I write a bimonthly blog about inclusion of children with developmental delays in every-day activities, whether at child care, home, or out in the community. I hope that both family members and other care-givers will find this helpful. Why blog about this? About 7 of every 100 children are diagnosed by the age of 5 with developmental delays; these may be pervasive (in all areas of development) or limited to one or two domains, such as language, fine-motor skills. Young children often don’t know that they have delays or differences from their siblings or other age-mates. They are curious and as eager to learn, be loved, and play as all children. They may lack certain skills or abilities that, when accommodated, don’t limit their participation.
We often talk about access, participation, and supports as the key to inclusion of young children with developmental delays or disabilities. The goal of my blog is to address these three components of inclusion around everyday activities and events. My knowledge and experience come from raising a son, born early and at a very low birth weight, and from my years as a professor of child development and special education.
I remember the first time I took my niece at age 4 to a Disney movie with her brothers and cousins. My niece had a diagnosis of developmental delay with sensory integration issues. We had access to the community movie theater, we had the active participation of family, and we thought we had sufficient support—several adults to keep up with the five children we brought. We didn’t anticipate her reaction, however, to the lights going out and the sudden and loud sounds and bright images associated with the previews. She was screaming to get out within 30 seconds. I took her out to the lobby, and she clearly had no interest in going anywhere but home. In fact, she said, “I’m not ready!”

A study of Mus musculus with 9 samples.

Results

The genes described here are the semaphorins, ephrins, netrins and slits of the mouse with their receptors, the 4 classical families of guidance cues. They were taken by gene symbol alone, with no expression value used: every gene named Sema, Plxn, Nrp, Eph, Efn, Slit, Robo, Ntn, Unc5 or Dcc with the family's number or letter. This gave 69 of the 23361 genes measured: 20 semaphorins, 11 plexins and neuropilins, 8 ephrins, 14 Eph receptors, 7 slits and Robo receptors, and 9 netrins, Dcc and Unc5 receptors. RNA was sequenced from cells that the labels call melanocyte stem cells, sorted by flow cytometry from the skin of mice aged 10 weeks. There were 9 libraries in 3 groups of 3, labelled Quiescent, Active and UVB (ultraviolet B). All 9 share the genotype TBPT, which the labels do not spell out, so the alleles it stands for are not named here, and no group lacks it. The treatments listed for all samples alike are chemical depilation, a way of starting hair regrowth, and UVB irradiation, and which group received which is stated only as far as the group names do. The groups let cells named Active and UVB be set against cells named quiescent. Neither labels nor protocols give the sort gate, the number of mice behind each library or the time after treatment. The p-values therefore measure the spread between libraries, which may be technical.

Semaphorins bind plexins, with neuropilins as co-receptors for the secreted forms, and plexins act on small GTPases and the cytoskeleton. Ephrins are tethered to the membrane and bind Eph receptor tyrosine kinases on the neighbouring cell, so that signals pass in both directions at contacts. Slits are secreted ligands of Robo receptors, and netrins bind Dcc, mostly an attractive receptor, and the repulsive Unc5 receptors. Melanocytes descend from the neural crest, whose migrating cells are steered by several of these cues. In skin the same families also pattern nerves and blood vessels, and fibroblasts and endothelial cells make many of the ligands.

You may have encountered similar reactions to novel activities. Children react if they face “sensory overload”—too much stimulation to integrate the visual and the auditory in particular. Looking back, we learned a lesson. My niece, wasn’t prepared for the sudden darkness, loud noise, and very large screen. She needed more support initially. The support, in this case, would have been a change in the movie environment (lower volume, lights on) and probably a seat on the aisle in the back of the theater so she could take breaks from the action. Going to the movies became a treat a few years later when she was able to manage the noise, the visuals and the dark.
Today, many movie theaters offer a “lights on” morning movie with lowered sounds so children who have autism, pervasive developmental delays, or sensory integration issues are not overwhelmed (at least not as much). Ask your local movie theater manager if they have “Lights On” movies for young children or if they will give it a try. Let us know if you have other suggestions.